Today, 46 states and Washington, DC have enacted legislation allowing the consumption of marijuana or Cannabidiol with or without prescriptions. More than one-third of business owners with fewer than 500 employees are not yet prepared to manage the impact of legalized marijuana on the workplace, according to new research from Paychex, Inc.
According to the Paychex study, business owners are slightly more prepared to manage legalized medical use than recreational use:
“Marijuana legalization for medical or recreational use introduces new complexities for businesses to navigate when it comes to workplace drug enforcement policies,” said Martin Mucci, Paychex president and CEO. “While marijuana remains illegal at the federal level, the legislation in each jurisdiction varies and may require business owners, especially those operating in multiple states, to comply in different capacities. Developing appropriate policies for industries with employees operating heavy machinery, for example, may present unique challenges. To help our customers navigate these new laws, which can vary by industry and location, we’re encouraging business owners and HR leaders to work with their Paychex HR specialist or another trusted business advisor to develop an appropriate drug policy that works for them.”
The study revealed that, among industry sectors, professional services is the most prepared (70%) for medical use and the least prepared for recreational use (58%). Manufacturing and retail/wholesale are the most prepared industries for recreational use (tied at 64%), while manufacturing is the least prepared for medical use (64%).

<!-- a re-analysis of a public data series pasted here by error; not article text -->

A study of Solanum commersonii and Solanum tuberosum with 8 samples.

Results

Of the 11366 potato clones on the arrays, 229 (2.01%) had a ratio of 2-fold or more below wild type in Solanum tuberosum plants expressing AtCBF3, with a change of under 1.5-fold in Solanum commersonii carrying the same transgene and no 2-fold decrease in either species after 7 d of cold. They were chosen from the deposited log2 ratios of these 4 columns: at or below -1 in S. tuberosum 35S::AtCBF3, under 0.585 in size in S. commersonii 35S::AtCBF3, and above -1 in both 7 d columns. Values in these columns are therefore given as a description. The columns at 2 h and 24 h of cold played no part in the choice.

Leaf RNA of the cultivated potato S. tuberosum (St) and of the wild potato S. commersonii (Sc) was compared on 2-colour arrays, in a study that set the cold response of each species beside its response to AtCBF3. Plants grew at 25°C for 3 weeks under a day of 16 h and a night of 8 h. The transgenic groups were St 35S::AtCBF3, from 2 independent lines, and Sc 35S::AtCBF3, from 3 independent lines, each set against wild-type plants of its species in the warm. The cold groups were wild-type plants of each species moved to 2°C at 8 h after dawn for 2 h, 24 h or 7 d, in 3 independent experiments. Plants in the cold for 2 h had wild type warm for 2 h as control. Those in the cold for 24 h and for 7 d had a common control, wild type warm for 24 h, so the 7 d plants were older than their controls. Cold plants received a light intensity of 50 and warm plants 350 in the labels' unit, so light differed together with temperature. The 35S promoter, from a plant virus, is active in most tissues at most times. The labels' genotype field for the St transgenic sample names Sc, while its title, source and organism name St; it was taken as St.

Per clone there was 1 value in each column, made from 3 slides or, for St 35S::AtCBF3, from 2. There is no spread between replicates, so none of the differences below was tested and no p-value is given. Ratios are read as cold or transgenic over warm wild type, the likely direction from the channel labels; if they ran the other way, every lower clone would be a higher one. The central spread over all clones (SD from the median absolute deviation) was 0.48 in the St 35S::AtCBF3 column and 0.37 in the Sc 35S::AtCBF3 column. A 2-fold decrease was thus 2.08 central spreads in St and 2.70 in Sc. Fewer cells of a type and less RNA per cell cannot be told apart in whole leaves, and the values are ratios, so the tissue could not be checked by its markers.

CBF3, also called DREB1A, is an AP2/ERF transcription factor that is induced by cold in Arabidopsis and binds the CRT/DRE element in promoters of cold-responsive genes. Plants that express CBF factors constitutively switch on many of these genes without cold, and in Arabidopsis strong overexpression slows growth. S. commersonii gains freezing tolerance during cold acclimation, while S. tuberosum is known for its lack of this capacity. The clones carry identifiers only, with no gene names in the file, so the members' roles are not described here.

For William Hummer, DDS, a dental practice in San Leandro, CA, the legalization of marijuana for both recreational and medicinal use has sporadically impacted patients entering the door, but the office policy restricting employees from arriving at work under the influence of marijuana remains intact.
“California legalized marijuana a few years ago, and so far the only impact we’ve seen is the occasional patient arriving to the office under the influence,” said Nicole Corvello, registered dental assistant and office manager at William Hummer, DDS. “When it comes to our employees, we follow the rule that if you can’t work and drink alcohol, you can’t work under the influence of marijuana. It remains our office’s position that what people choose to do on their own time is their business.”
A breakdown of which states have passed marijuana legislation to date, along with an infographic that also features other regulatory issues gaining traction at the state and local levels, is available here.